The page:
Sunday, February 28, 2010

Working Out Sore Muscles

A few days ago I caught myself moaning over sore muscles - the various bits of me that had been hibernating all winter and were rudely awakened by the first round of hard work in the early spring garden. As I limped around the house groaning, my mind did what it usually does: it started to make connections of all sorts based on the sore muscles paradigm. The place where my thoughts finally ended up startled me.

First, I realized that I'd recently been working out some figurative sore muscles at the computer. You see, the freelance editing I do is fairly rote and rarely requires much imagination or creativity, even when I'm reworking someone's fiction. Mind you, I enjoy it or I wouldn't do it. Still, it's a totally different process from writing my own stuff.

My fiction composition, however, is a beast of a different order. In order to come up with something my agent will actually accept (and not laugh at, though he's usually kind enough not to laugh in my face) I often have to stretch beyond my current limits as a writer. This generates sore muscles of a different sort, especially if I haven't pushed myself in a while.

Now, I've been writing for a very long time.
When I was a child it was easy to come up with new ideas, new ways to approach a story, new characters and conflicts. Often the concepts came faster than I could write them down. Of course, my ability to compose something an adult would be interested in reading is another thing entirely. But write I did, eagerly and often. Have you ever noticed that kids don't get writer's block?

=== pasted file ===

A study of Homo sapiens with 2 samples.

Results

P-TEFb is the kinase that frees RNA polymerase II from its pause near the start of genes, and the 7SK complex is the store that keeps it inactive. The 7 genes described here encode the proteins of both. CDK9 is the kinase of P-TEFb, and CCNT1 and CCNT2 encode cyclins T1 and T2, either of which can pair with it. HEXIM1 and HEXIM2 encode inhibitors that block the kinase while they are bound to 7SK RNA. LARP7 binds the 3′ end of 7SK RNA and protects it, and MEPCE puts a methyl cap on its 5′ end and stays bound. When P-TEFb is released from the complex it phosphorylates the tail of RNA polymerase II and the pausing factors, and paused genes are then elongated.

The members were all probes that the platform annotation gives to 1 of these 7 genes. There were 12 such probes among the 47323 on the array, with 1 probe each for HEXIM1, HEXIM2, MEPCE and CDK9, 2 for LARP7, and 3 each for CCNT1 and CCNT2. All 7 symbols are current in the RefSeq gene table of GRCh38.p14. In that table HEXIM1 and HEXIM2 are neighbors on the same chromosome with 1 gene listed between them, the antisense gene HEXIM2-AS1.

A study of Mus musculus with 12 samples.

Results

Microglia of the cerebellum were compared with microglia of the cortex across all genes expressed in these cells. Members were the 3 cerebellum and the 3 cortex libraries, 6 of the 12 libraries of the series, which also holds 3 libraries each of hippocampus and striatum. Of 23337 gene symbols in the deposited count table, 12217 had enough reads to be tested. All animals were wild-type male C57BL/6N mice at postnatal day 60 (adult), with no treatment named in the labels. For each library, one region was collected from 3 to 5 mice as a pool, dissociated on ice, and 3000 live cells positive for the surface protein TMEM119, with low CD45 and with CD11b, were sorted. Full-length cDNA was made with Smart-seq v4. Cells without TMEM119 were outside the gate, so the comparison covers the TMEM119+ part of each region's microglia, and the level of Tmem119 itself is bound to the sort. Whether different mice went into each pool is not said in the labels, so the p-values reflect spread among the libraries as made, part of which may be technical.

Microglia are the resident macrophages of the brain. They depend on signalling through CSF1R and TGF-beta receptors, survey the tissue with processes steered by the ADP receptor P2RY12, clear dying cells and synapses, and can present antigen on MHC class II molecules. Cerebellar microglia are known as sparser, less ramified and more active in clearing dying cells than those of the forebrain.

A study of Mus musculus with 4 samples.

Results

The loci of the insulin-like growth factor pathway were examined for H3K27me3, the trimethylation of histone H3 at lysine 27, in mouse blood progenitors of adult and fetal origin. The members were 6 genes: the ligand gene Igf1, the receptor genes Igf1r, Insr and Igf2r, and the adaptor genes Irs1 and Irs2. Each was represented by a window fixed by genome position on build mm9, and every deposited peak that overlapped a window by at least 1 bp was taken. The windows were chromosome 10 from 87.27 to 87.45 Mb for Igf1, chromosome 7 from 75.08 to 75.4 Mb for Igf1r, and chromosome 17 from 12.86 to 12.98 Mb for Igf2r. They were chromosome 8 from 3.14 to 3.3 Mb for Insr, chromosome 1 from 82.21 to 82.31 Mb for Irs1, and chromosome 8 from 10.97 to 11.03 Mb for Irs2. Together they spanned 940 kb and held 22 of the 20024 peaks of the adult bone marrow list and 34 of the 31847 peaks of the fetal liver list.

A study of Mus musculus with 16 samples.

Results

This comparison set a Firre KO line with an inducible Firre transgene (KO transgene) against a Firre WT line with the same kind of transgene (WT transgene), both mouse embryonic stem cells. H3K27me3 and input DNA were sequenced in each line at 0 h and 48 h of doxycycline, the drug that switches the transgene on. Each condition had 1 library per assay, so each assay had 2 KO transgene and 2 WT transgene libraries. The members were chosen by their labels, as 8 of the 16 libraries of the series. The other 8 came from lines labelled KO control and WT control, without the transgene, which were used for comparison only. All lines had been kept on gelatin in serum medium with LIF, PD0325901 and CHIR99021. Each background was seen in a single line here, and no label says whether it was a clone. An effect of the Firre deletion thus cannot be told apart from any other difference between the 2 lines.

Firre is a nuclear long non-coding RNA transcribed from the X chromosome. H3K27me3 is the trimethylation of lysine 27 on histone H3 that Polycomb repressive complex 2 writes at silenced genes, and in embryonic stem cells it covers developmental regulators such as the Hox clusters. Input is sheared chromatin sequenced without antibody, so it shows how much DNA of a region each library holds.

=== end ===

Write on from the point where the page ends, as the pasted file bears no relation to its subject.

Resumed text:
I began to wonder why that is. Of course, children don't have deadlines and bills and big-world stress, but they do have something few adults can claim: the ability to look at the world with fresh eyes. Kids aren't cynical, even when they've been through hell. They don't have to learn to think outside the box because they haven't yet realized there even is a box. They're the ultimate problem-solvers because they don't restrict themselves to a prefab, agreed-on mindset.

So as I stretched my garden-weary sore muscles, I also began to stretch the muscles of my mind. How long has it been since I've looked at the world, really looked at it as if I didn't already know what was there?
We're always telling each other to 'grow up.' Maybe, in some instances, we need to do the opposite. Sure, the bills still need to be paid, deadlines need to be met, the dishes need to be washed and the toilet scrubbed. But in among the duties of adulthood I'm planning some time to find that child-mind I know is still in me somewhere, eager to explore the wonders of existence. Won't you come play, too?